To Be of Not to Be – That is the Question on Rosh Hashana
The Jewish calendar begins with the month of Nissan, the month in which the Jewish people were redeemed from Egypt, the month in which we celebrate Passover. The Torah designates the months by number only, not by name: this month is called the “first of months.” Nissan marks the beginning of Jewish history because the Exodus transformed the Jewish people from a family into a nation. This new year is therefore exclusive to the Jewish people.
The universal new year, the anniversary of the creation of all human beings, is Rosh Hashanah, which means, “Beginning of the Year.” This new year does not fall in the first month of the Jewish calendar but in the seventh month, Tishrei. The Biblical source for this holiday is found in Leviticus:
God spoke to Moses, saying: “Speak to the Children of Israel, saying: ‘In the seventh month, on the first of the month, there shall be a rest day for you, a remembrance with shofar blasts — a holy convocation.”
Although in our prayers on Rosh Hashanah we describe this day as the anniversary of creation, commentaries point out that it is more precisely the anniversary of the pinnacle and goal of all creation, the human, Adam. The Mishnah states that, “On Rosh Hashanah, all the inhabitants of the world pass before G-d like sheep…” The Talmud explains this expression to mean that everyone is judged individually.
Because this is the anniversary of our creation, it is the day on which we are evaluated and judged whether we are worthy to have been created and if we merit continued existence. The Jewish new year is therefore not celebrated by parties, fireworks, champagne and midnight dances; it is rather a day of contemplation, prayer and commitment. There is certainly an element of happiness on this day, as it is a celebration of our relationship with God as His children and His creations, however the mood is more solemn than on other Jewish festivals.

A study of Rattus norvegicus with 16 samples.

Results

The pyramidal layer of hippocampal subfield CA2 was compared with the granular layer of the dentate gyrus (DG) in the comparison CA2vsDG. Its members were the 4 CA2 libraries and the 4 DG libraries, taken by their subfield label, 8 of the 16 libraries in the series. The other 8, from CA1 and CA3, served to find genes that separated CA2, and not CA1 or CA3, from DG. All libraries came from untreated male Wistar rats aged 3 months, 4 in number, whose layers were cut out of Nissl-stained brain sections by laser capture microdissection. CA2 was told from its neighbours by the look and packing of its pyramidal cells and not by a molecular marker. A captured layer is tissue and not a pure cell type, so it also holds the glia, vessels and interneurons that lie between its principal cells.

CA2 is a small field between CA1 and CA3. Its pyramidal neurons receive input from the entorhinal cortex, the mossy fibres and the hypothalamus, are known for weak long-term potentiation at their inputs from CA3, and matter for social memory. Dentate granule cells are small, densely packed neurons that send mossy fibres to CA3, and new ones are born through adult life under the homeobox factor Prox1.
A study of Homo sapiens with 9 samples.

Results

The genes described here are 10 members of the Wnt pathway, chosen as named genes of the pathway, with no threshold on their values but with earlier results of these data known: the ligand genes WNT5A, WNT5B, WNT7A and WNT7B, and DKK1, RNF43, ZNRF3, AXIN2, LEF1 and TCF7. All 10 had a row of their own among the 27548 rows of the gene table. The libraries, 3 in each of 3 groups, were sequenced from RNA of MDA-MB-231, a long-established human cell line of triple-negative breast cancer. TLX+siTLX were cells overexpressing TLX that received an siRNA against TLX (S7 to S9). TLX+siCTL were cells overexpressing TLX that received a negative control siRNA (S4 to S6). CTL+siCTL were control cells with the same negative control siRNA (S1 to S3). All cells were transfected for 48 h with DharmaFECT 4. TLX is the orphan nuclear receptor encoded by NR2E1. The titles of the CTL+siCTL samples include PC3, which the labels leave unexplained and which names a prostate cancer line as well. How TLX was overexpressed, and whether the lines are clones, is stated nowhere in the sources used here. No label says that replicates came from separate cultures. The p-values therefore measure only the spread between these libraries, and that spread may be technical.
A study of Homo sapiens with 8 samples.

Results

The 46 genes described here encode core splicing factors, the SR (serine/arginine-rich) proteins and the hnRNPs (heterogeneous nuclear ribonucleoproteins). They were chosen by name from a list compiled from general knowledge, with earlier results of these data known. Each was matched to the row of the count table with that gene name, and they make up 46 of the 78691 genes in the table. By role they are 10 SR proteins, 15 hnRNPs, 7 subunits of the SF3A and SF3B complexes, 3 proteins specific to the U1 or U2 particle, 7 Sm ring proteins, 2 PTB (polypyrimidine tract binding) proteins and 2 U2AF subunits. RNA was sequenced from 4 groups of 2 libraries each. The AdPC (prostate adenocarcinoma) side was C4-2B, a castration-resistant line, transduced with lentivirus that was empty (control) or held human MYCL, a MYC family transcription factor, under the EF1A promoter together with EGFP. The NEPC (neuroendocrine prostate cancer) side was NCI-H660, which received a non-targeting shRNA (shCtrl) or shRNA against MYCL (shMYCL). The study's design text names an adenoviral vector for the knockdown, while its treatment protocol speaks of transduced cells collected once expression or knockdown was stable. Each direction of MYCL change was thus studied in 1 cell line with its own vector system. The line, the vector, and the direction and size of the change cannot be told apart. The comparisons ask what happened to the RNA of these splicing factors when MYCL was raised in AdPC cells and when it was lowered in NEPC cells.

According to Jewish tradition, before God created the first human being, a debate took place in the heavenly court.
When the Holy One blessed Be He came to create man, the ministering angels formed into groups, some saying that man should be created, some saying that he should not be created…[the angel of] Kindness voted to create man, because people would perform acts of kindness,[the angel of] Peace voted not to create man, because people would argue and fight, [the angel of] Truth voted not to create man because he would be full of falsehood …”
No such discussion took place prior to the creation of the rest of the world. Only the creation of the human was open to debate, because the human being alone has free will; only his actions can be good or evil. All other creatures merely do what they are programmed to do by instinct, and are therefore morally neutral. As Mark Twain once said, “Man is the only animal that blushes… -or needs to.” Adam is never neutral: he must justify his existence by his actions. We can be judged because we have free will, because we were created not merely to be part of the eco-system, but to use our free will for moral and spiritual achievements. In the words of my teacher, R. Moshe Shapiro, “We are judged because we were created, and we were created because we are judged.”
We have the ability to achieve the greatest heights of morality and altruism or to be the most depraved, evil creatures in existence; the choice is in our own hands. It is this unique capacity of the human being to be good or evil that is marked by the festival of Rosh Hashanah. We celebrate our incredible potential to become similar to our Creator, but at the same time, we tremble before our awesome responsibility and the judgment that awaits us.
Judaism does not view time as a linear progression but rather as a circular path. The specific spiritual energies of each part of the very first year in history returns every year at the same point in time. As the anniversary of the creation of the first human being is Rosh Hashanah, the “angelic debate” is renewed every year at this time, “Does man deserve to exist? Has he justified his existence?” We stand in prayer before our Creator on Rosh Hashanah and declare our commitment to act in such a way that we will be deemed worthy to exist.